By Dr. Margaret Paul
May 09, 2016

Sometimes the most loving act, both for yourself and for others, is to disengage from an abusive family relationship. This can eventually lead to some healing.

Managing Challenging Families


We all know that families can be very challenging!

Angie grew up in a family where she was the caretaker. The oldest of four, Angie was the only member of her family capable of deep caring, empathy and compassion. As a result, she was always attempting to protect her brother and sisters from her father's physical and emotional abuse. Even her mother learned to turn to her for help and protection. Because everyone learned to rely on Angie, when things didn't turn out the way they wanted, Angie was the one they blamed.

Angie became an invisible child. Because of her acute sensitivity to others’ feelings and needs, her feelings and needs went unnoticed. Everyone in her family wanted to take from her, but no one wanted to give to her. Angie was not a happy child.

As an adult, Angie did much Inner Bonding work. She discovered that she had been ignoring her own feelings and needs while caretaking others. As she learned to take loving care of herself and let go of taking responsibility for everyone else's feelings and needs, her family became furious with her. How dare she take care of herself instead of them! The blame that Angie had always experienced from her family intensified. When families are threatened, they might unite in their attacks against one family member, and this is what happened for Angie. Nothing Angie said had any impact on her family's behavior toward her. They refused to support her in taking care of herself. They just wanted her back in the old system.

After inviting each of them to join her in her work with me and each of them refusing, Angie finally decided that, even though she loved her family, she needed to disengage from them. She realized that it was not loving to herself or anyone else to allow herself to be treated badly. She was unwilling to continue the old family system, and she realized that she had no control over how her family treated her. Angie broke off almost all communication with her family for three years.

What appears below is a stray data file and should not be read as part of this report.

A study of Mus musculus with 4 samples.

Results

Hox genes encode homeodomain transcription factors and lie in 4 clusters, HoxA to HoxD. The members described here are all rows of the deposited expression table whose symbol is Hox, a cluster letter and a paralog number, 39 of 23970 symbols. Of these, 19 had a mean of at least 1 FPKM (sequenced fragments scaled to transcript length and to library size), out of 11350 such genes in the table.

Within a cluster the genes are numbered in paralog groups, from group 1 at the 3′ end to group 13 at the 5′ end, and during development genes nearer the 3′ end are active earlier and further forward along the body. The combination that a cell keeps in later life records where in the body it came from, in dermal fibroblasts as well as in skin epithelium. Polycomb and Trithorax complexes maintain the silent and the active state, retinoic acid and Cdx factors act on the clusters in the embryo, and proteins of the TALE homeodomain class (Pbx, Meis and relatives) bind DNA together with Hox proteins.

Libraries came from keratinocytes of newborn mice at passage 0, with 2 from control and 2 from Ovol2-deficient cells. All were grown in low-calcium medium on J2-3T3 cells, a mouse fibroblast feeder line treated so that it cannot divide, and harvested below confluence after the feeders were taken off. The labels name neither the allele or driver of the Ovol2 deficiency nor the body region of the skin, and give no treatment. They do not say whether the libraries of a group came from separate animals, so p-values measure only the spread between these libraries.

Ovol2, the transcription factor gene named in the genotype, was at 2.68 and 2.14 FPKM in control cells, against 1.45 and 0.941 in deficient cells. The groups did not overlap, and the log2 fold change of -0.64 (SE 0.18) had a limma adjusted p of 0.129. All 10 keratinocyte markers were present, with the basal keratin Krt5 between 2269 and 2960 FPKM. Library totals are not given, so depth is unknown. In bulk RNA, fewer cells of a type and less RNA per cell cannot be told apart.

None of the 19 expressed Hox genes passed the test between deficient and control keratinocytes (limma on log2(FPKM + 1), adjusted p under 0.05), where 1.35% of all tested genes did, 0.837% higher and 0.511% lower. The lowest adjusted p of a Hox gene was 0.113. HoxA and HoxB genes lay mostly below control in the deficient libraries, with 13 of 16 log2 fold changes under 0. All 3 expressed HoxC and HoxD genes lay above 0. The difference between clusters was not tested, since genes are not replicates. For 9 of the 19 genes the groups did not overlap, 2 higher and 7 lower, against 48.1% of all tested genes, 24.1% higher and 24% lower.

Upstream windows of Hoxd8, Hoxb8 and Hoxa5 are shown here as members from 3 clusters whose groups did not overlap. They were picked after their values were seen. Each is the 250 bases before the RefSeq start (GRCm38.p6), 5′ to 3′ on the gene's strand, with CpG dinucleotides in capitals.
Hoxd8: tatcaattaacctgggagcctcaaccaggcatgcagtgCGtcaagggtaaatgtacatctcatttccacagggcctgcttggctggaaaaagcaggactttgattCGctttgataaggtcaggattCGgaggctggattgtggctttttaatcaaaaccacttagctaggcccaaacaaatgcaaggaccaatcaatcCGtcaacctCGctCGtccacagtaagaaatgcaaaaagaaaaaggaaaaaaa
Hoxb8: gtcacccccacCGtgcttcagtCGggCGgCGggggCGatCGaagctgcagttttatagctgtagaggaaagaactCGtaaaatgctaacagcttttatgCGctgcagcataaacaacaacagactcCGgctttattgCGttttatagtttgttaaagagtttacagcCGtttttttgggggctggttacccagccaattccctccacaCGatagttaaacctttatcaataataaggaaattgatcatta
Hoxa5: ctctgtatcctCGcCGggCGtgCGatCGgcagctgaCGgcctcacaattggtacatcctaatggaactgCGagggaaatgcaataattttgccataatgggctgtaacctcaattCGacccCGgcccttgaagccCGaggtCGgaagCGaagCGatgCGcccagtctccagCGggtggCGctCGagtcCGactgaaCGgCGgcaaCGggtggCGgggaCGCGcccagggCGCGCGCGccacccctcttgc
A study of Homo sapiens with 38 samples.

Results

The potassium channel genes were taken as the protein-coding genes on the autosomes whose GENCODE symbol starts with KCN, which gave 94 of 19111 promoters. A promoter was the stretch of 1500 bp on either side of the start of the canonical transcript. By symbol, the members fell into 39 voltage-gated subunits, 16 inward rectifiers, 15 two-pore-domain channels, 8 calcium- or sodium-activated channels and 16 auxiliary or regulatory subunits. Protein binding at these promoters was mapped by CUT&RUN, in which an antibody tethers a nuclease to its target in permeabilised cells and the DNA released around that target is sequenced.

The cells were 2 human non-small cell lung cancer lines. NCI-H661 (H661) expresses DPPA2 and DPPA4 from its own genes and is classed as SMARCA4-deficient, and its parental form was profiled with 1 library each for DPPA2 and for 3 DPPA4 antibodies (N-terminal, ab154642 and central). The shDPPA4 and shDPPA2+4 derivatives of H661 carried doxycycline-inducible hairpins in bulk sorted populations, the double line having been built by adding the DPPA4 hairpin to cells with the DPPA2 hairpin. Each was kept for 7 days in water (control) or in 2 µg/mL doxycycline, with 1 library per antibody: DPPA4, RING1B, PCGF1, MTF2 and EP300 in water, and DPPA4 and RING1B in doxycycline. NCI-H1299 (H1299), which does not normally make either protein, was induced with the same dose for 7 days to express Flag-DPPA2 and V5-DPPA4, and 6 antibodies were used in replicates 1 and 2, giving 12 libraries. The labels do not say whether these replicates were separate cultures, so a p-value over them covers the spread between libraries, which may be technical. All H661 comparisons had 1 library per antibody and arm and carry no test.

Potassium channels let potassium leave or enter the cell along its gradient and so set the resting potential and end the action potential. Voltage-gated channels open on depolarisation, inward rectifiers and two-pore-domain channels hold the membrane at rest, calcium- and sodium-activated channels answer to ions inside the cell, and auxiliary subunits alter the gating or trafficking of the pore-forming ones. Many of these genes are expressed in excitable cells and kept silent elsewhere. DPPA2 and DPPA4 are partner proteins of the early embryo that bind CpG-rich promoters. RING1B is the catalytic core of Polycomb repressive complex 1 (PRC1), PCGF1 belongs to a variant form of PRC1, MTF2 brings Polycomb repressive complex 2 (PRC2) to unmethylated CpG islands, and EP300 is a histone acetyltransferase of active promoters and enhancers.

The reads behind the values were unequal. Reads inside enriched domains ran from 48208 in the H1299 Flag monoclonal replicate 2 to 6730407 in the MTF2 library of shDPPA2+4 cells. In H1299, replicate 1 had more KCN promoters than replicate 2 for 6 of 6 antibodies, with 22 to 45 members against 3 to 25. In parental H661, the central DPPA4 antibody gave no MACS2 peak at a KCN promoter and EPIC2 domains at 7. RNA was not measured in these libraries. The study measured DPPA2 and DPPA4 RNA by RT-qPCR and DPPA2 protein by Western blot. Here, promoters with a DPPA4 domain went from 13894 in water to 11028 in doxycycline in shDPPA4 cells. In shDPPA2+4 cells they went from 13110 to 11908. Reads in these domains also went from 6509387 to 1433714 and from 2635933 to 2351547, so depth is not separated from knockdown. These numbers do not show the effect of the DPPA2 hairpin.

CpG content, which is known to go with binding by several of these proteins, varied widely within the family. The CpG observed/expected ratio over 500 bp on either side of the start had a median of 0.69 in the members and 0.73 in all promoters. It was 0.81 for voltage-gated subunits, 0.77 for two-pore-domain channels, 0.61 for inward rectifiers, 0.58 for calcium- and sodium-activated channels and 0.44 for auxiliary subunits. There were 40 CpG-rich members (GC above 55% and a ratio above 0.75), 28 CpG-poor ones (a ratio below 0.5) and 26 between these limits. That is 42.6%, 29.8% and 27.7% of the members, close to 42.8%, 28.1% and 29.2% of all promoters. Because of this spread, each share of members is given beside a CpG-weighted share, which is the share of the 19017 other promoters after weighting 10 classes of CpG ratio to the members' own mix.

Of course, this caused her parents and siblings to blame her even more. During the few times that Angie did communicate with her mother, the hostility was extreme. "What is the matter with you? Have you gone nuts? How can you abandon your family? You are being so selfish! Don't you care about us?" Angie knew that it was useless to try to explain. Her mother wasn't open and she didn't want to know the answers to these questions - she just wanted to have control over Angie.

It took three years before anyone in her family started to treat Angie with any sense of respect. It took three years before they accepted that they could no longer treat her badly if they wanted a relationship with her. Presently, Angie has a much better relationship with her family. While they may never have the deep caring and compassion for her that she has for them, they no longer expect her to take responsibility for their feelings and needs, and they no longer blame her for the problems that arise.

The question of disengaging from one's family, or from a particular member of the family, often comes up in my counseling work with individuals and couples. Many people have been taught that it is wrong to pull away from one's family - that families should remain intact at all costs. Many people have been taught that it is loving to sacrifice themselves for their family, and selfish to take care of themselves.

The problem with these beliefs is that it gives a person who is being blamed and disrespected by their family no way to really improve things. Many of the people I work with, who have problems with their families, know that they would never allow a stranger to treat them the way their family treats them. Yet they feel afraid if they think about speaking up for themselves, and guilty if they think about disengaging from an emotionally abusive family system.

When I work with a client in this situation, my first choice is to see if the family or a family member is available for some sessions with my client to see if healing is possible. But if the family members have no intent to learn, then the most loving act, both for oneself and for others, may be to disengage from an abusive relationship. It is not loving to ourselves, nor is it loving to others, to allow ourselves to be treated disrespectfully. Angie's whole family is much better off today than before she disengaged, even though they were furious at her for it. Through her Inner Bonding practice, Angie discovered that it is actually very loving, even to them, to expect that they treat her with caring and respect.  

Start learning how to love yourself, with Dr. Margaret's 30-Day at-home course, Love Yourself.